CAIRO – 26 April 2017: Fixed pricing is not economically convenient for Egypt right now as the state applies the rules of the free market economy, Minister of Supply Aly Meselhi said Monday in a press conference in Beni Suef, South of Cairo.
During the past few days, a number of local newspapers discussed a demand made by Member of Parliament Mohamed Zain el-Din to the Chairman of Parliament Ali Abd al-aal calling the government to apply fixed pricing in order to control prices in the local market.
Prices of goods are determined according to the free market rules of supply and demand, and any talks on fixed prices are to no avail, Meselhi added. Until now, there is no official statement that the government has a plan to set fixed prices, but there are many governmental statements on procedures to control prices.
The raising voices toward the necessity of having fixed prices comes from the high inflation rate which hit the Egyptian market since the flotation of the Egyptian pound last November. The increase reached around 100% in prices of some goods.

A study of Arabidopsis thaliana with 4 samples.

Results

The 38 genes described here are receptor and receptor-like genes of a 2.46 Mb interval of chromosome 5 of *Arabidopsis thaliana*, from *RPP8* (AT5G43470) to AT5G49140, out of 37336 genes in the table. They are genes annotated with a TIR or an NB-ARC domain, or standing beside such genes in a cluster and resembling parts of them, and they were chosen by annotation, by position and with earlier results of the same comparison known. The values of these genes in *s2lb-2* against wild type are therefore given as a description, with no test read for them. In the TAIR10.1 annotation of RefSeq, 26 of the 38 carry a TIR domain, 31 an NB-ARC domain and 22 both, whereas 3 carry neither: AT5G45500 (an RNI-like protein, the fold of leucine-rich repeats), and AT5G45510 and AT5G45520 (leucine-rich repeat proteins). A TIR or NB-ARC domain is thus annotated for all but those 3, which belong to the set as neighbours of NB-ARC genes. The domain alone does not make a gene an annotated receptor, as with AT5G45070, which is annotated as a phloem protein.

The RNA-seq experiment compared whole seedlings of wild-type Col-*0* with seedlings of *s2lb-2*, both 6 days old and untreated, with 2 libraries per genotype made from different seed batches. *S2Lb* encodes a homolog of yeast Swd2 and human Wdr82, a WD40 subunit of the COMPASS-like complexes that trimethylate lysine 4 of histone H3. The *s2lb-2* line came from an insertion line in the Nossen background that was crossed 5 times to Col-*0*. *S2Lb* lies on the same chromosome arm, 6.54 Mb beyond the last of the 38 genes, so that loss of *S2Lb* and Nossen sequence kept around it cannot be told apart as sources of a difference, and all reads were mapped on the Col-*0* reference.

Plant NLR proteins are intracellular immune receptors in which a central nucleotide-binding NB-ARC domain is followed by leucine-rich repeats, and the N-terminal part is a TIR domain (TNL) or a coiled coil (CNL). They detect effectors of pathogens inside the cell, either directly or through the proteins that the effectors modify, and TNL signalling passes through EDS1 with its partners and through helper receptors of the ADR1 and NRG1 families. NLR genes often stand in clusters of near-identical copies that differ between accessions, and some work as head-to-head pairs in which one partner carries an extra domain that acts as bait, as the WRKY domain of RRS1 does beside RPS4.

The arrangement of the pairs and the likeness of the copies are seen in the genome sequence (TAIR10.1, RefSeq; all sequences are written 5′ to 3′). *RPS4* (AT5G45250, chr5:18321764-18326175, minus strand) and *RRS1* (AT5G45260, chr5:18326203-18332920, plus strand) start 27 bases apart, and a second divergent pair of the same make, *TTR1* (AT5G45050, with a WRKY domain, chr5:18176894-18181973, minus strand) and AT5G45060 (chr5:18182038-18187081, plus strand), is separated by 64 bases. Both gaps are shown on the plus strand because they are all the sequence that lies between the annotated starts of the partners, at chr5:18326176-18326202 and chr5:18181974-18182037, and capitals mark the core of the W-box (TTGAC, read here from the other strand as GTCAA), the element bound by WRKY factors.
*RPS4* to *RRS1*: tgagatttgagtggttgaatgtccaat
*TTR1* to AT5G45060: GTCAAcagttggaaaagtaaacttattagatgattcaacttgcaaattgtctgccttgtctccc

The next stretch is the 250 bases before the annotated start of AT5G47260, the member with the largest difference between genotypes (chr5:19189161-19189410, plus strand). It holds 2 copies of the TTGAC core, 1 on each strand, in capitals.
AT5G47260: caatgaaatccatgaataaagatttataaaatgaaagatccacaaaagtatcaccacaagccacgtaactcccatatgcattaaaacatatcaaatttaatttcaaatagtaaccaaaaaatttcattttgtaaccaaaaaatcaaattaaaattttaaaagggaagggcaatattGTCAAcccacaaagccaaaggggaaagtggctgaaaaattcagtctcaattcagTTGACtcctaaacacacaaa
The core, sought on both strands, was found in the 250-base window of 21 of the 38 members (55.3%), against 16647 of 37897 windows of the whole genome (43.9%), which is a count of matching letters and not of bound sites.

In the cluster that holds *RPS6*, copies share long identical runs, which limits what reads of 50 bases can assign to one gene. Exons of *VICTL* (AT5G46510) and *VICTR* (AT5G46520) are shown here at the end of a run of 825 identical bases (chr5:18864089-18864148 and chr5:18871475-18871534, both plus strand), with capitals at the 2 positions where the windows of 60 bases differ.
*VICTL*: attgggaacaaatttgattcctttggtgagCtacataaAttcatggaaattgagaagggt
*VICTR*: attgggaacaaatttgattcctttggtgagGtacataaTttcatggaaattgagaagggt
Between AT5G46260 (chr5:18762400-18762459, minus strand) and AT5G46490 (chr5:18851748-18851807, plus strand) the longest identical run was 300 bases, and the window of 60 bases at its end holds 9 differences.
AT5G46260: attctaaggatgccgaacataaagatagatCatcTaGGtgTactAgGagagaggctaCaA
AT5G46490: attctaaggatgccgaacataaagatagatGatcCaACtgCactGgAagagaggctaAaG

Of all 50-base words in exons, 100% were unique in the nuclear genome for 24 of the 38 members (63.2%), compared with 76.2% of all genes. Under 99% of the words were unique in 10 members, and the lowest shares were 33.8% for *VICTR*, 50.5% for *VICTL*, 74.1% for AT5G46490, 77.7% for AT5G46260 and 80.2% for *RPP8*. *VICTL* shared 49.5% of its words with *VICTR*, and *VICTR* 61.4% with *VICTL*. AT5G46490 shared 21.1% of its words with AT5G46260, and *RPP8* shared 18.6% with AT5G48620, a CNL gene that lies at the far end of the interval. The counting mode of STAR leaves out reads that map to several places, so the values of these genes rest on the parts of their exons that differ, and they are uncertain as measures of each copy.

“We don’t care about fixed pricing, all what we need is to determine a price ceiling for the products by the government, as low-income citizens are facing a problematic situation and cannot afford it anymore,” Chairman of Anti Expensiveness Citizens’ Association Mahmoud Askalany told Egypt Today. He added that his association presented his idea of determining a price ceiling to the government, but there is a clear refusal from the Federation of Egyptian Chambers of Commerce (FECC).
Hamdy El-Naggar, Member of Board of Directors at FECC, told Egypt Today that any attempt to impose fixed prices on goods and commodities would create a horrible black market, goods smuggling, and expected very high prices, not decreasing as planned.
The governmental Consumer Protection Agency’s head, Atef Yacoub clarified that the state does not have a clear plan to apply fixed pricing.“There are many subsidized selling points provided by various governmental parts like Supply Ministry, Agriculture Ministry and the Armed forces as well.
This is a means by which the government targets to control prices in the market,” Yacoub added.